Christopher Leritz Wins Wrongful Death Defense Verdict
On November 15, 2013, Christopher Leritz won a defense verdict for his client, CWF Wood Products, Inc., in a double wrongful death case in Howell County, Missouri Circuit Court. CWF was insured by Pennsylvania Lumbermens Mutual Insurance Company.
In 2007, CWF Lumber contracted with independent logger Kenneth Shomaker to perform all logging operations, including transportation of cut timber from the forest to CWF’s Mill.
As part of the timber sale contract between the United States Forest Service and CWF, CWF was required to name a purchaser’s representative who had full authority to act on behalf of CWF with regard to the timber harvesting operations. At the time of the accident at issue, Shomaker was a purchaser’s representative on behalf of CWF.
On September 20, 2007, Timothy and Shelley Blunkall were killed when their pickup truck was struck head-on when Shomaker’s logging truck and trailer loaded with approximately 80,000 lbs of raw timber crossed the centerline of the highway and drove into the Blunkalls’ lane. The Blunkalls left three minor children. The Blunkall children were the plaintiffs in the lawsuit.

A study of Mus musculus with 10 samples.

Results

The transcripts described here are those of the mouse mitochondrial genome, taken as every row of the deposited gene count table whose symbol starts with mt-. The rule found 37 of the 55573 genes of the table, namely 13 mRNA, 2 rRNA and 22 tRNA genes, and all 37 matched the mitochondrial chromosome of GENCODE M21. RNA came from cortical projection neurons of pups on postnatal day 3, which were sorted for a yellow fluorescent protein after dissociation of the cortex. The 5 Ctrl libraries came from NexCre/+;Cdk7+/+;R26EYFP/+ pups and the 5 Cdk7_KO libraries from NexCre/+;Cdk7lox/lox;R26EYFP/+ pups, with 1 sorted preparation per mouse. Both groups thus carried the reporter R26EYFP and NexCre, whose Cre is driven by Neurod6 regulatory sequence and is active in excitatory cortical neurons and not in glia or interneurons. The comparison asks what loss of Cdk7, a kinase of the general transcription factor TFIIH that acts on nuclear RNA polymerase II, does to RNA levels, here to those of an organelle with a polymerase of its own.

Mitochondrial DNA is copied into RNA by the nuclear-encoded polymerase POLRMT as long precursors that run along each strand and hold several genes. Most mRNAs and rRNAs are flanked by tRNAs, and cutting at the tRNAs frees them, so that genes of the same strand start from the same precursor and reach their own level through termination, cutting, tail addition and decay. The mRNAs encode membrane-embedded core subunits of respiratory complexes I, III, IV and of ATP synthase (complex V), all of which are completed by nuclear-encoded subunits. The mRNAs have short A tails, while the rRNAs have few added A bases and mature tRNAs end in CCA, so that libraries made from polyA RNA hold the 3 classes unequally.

Plaintiffs alleged that the logger Shomaker was an agent of CWF and CWF was thereby liable for the negligent acts of Shomaker. Plaintiffs also alleged that CWF was negligent in its selection and hiring of Shomaker as Shomaker operated his truck without the required commercial license and operated his truck in an unsafe condition. The court allowed plaintiffs to submit both theories of recovery to the jury.
Plaintiffs argued that the requirements of the Forest Service contract gave CWF sufficient control over the logger to make the logger CWF’s agent, as the logger had full authority to act on CWF’s behalf with the Forest Service. Plaintiffs also argued that CWF hired a dangerous and incompetent logger who did not have the skill and qualifications to safely operate an 80,000 lb log because the logger was cited for 17 separate licensing and equipment violations by the Highway Patrol after the collision. Defendant argued that CWF did not control, nor did it have the right to control, the physical activities of the logger and his employees, as required by Missouri law to create an agency relationship. Defendant also argued that the local custom and practice was that loggers and truck owners themselves make sure they were properly licensed and their equipment was in good working order.
The jury deliberated over three hours before returning a defendant’s verdict on all counts.
Because of prior set-offs and judgments, the jury was to consider liability only, and damages were set at $1,000,000. The plaintiffs’ last demand was $950,000 and defendant’s last offer was $250,000.
Christopher Leritz is a St. Louis, Missouri attorney who practices insurance, commercial and tort litigation and trial work in Missouri and Southern Illinois.